Nearly 3,000 miles away from where his sibling was shot to death in Long Beach last month, Francisco Martinez Garcia lies awake each night thinking about his older brother Isidro.
Francisco said he hasn’t slept much since he received the news, instead thinking about why someone would want to harm his brother.
“Estamos muy mal,” Francisco, 29, told the Post in a phone call from Guatemala. “El era may buena persona.” We are doing very bad. He was such a good person.
On the night of July 19, Isidro Alberto Martinez Garcia, 37, was shot in the pelvis near where Pacific Coast Highway crossed over the Los Angeles River, police said. Despite attempts by authorities to save Isidro, he died at the hospital.
Police have not yet identified a suspect or a motive in the shooting.
“Tenia plañado viajar en diciembre a los Estados Unidos. … Yo quiera verlo y abrazarlo,” said Francisco, who hadn’t seen his brother in 16 years. “Es lo que mas me duelo porque yo no pude cumplir eso.” I had plans to travel in December to the United States. … I wanted to see him and hug him. That’s what hurts me the most because I couldn’t fulfill that.
For as long as he can remember, Francisco looked up to Isidro.
“El me protegia,” a grieving Francisco said. He protected me.
Born Oct. 9, 1984, Idisdro had a humble upbringing, his brother said.
The two brothers grew up in Nueva Concepción, Escuintla, Guatemala, a small town with just over 15,000 people. In Nueva Concepción most people worked in agriculture while other locals took to street vending to make ends meet.
“Es muy lamentable en la circunstancias que se vive aquí en Guatemala,” said Francisco, who as an adult now works as a street vendor selling snacks around town. The circumstances we live under here in Guatemala are very unfortunate.
From the time he was 10 years old, Isidro would venture out into town looking for any way that he could help alleviate his parent’s financial burdens, Francisco said.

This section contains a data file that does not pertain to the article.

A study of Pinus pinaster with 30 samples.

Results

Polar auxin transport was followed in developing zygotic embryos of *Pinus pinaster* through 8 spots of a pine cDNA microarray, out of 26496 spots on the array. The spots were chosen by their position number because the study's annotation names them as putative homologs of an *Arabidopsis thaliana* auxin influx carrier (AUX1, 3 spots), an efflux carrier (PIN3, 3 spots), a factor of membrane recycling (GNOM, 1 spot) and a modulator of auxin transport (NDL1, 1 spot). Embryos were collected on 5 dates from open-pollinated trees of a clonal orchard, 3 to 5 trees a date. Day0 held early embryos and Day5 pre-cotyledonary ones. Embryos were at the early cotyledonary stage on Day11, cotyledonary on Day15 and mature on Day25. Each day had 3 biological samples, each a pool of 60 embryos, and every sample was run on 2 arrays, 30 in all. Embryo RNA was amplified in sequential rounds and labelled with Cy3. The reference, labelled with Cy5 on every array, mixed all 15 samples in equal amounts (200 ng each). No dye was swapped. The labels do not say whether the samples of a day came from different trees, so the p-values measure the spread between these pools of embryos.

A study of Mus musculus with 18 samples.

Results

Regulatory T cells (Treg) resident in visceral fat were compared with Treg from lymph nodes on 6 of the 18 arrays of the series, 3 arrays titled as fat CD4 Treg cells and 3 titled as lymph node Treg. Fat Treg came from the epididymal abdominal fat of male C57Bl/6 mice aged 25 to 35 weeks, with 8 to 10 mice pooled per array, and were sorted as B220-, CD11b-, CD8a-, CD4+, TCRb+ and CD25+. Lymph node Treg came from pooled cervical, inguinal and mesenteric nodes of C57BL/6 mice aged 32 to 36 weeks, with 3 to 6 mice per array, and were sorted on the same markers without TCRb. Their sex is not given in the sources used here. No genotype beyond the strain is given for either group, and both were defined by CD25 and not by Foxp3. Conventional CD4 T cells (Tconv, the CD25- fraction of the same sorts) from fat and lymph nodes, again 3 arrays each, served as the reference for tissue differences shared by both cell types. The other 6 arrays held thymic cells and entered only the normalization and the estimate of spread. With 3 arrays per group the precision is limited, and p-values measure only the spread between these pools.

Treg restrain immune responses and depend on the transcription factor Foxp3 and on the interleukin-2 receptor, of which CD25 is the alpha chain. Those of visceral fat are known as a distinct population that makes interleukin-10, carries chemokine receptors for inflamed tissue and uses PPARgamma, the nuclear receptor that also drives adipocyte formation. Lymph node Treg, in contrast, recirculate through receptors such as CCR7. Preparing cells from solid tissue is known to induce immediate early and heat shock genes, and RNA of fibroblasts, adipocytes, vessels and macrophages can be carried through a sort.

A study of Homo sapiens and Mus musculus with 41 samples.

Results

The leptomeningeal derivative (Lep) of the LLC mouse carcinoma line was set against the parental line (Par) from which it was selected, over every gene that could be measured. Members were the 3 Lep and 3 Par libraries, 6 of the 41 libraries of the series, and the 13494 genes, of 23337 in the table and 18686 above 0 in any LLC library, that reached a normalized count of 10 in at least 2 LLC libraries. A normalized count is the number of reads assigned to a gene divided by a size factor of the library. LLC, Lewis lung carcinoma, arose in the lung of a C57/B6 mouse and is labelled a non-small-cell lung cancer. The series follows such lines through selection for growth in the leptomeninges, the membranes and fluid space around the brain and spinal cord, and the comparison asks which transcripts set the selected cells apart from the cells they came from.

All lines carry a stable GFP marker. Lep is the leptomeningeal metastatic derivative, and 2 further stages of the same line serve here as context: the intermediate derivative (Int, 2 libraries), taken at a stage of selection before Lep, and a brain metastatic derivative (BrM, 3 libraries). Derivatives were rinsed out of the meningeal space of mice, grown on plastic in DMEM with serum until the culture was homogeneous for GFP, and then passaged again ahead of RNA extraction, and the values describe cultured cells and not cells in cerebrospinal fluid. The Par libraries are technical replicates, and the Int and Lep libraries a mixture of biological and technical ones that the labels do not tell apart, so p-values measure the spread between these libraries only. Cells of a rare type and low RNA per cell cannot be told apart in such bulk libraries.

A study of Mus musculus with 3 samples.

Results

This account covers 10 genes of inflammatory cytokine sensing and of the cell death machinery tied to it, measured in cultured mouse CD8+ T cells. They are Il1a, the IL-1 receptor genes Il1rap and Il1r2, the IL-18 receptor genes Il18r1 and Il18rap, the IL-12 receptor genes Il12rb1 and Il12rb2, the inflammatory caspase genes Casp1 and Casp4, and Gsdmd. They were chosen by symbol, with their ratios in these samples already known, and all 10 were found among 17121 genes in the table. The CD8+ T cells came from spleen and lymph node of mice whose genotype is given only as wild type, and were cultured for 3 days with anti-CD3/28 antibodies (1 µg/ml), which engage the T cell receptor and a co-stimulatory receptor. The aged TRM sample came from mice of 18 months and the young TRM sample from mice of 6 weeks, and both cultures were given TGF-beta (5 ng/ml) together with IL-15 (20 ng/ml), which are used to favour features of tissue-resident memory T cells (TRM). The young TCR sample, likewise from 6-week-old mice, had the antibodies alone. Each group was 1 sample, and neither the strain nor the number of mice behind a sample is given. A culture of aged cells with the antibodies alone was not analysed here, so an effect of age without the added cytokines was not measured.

He really enjoyed hunting and fishing, Francisco said. It was his way of making sure the family always had food on the table, he added. But one side hustle in particular, cockfighting, became Isidro’s favorite, said his brother, who’d watch as Isidro raised the little hatchlings.
When time permitted, Isidro took Francisco down to the local river. There, they’d splash around and bathe. On other days, they’d spend time chasing after one another and playing soccer.
Though he dreamed of being a lawyer one day, Isidro had to pursue other endeavors to help support his family, according to his brother. By the time he was 20, his reputation around the community grew. People around town knew if a kitchen appliance needed to be fixed, Isidro was the guy to go to. He had also become a father.
But due to the lack of opportunities in Nueva Concepción, he decided to go to the U.S., Francisco said.
On March 10, 2006, a 22-year-old Isidro arrived in Miami. He stayed there for three months with an uncle-in-law while he settled in before he moved across the country to Long Beach, his family said.
During his first few months, Francisco would call Isidro, urging him to be careful as he was living in the U.S. without permission. Isidro, always the optimist, would reassure his younger brother that everything would be fine and that he had nothing to worry about.
After settling in Long Beach, he worked as a construction worker and a gardener, often sending part of his paycheck to his family back home in Guatemala, where the money was used for his father’s diabetes treatment, Francisco said.
Since Isidro’s death, his father has taken a turn for the worse, Francisco said, along with the rest of the family who is still trying to process their loved one’s death.
Meanwhile, neighbors in Guatemala have rallied around the Martinez Garcia family, offering their condolences and promising that they would take care of all the proceedings once Isidro’s body was returned home to Guatemala, Francisco said.
Francisco recalls his brother’s giving nature, still trying to fathom his unexpected passing.
“La verdad no sabemos nada ni por qué le pudo pasar esto,” Francisco said. The truth is we don’t know anything or why this could’ve happened to him.
Police have asked anyone with information that could help solve Isidro’s murder to contact Detectives Michael Hubbard or Jesus Espinoza at 562-570-7244. Anonymous tips can be submitted through Crime Stoppers by calling 800-222-TIPS or visiting www.lacrimestoppers.org.
Support our journalism.
Hyperlocal news is an essential force in our democracy, but it costs money to keep an organization like this one alive, and we can’t rely on advertiser support alone. That’s why we’re asking readers like you to support our independent, fact-based journalism. We know you like it—that’s why you’re here. Help us keep hyperlocal news alive in Long Beach.